Fifteen years ago, NASA began their Robonaut project to create the first humanoid robot that would be capable of working in space. Despite various funding problems, the resulting humanoid machine is currently on the International Space Station helping crew members by taking over simple, repetitive or dangerous tasks now performed by astronauts. The robot has “skin” covered arms connected to fingers nimble enough to use sign language and twist knobs without breaking them.
Ron Diftler, Robonaut Project lead for NASA’s Robotics Systems Technology Branch, has been with the project since the beginning. He and the Robonaut2 team are finalists in the Science and Environment category of the Service to America Medals.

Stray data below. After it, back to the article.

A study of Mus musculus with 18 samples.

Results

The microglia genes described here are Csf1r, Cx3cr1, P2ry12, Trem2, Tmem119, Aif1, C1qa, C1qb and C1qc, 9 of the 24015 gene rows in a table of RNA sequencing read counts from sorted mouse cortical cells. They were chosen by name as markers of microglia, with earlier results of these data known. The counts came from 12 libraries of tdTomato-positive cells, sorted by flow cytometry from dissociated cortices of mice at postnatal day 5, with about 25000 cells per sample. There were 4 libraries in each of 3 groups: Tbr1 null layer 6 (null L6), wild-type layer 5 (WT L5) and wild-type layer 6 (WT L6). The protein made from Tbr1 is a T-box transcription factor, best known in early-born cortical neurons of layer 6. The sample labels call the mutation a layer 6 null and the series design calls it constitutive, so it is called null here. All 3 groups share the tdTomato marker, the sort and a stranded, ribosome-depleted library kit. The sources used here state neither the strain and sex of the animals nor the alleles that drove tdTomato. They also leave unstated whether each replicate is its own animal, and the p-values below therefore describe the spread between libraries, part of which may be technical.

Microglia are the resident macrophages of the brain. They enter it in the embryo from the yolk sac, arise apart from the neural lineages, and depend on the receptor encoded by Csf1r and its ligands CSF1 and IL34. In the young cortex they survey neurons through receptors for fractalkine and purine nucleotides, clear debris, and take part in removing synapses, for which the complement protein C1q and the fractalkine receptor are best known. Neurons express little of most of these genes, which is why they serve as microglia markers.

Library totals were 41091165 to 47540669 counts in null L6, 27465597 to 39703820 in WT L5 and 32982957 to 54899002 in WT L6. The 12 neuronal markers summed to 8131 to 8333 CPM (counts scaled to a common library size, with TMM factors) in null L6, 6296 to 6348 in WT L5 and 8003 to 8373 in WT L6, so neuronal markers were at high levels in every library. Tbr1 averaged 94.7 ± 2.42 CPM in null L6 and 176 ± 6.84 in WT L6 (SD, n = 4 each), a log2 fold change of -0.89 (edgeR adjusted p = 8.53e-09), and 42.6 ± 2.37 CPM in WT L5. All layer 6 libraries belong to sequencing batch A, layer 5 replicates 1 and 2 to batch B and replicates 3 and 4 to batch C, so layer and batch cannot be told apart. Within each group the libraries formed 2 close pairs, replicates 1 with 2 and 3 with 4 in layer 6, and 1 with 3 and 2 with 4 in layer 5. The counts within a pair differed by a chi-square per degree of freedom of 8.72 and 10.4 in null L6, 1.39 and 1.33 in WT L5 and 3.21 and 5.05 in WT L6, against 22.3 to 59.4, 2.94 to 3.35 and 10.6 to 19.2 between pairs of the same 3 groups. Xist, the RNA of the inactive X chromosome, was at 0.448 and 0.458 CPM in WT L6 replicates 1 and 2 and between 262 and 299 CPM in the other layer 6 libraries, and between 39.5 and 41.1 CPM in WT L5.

Federal News Radio asked the Sammies finalists to tell us a bit about themselves.
What three words best describe your leadership philosophy?
What’s the best piece of advice (or words of wisdom) you’ve ever received and who gave it to you?
Perfection is the enemy of success. One of my graduate professors.
Who is your biggest role model and why?
Abraham Lincoln. He led during the most trying of times.
What’s the biggest challenge you’ve had to overcome (personally or professionally) and how did you overcome it?
Professionally, combining NASA and GM goals and culture to produce an extremely effective team to produce Robonaut 2. Overcome with a lot of hard work, showing folks that I respected their opinions, and sticking to my choices.
What’s the last thing you read and what’s next on your reading list?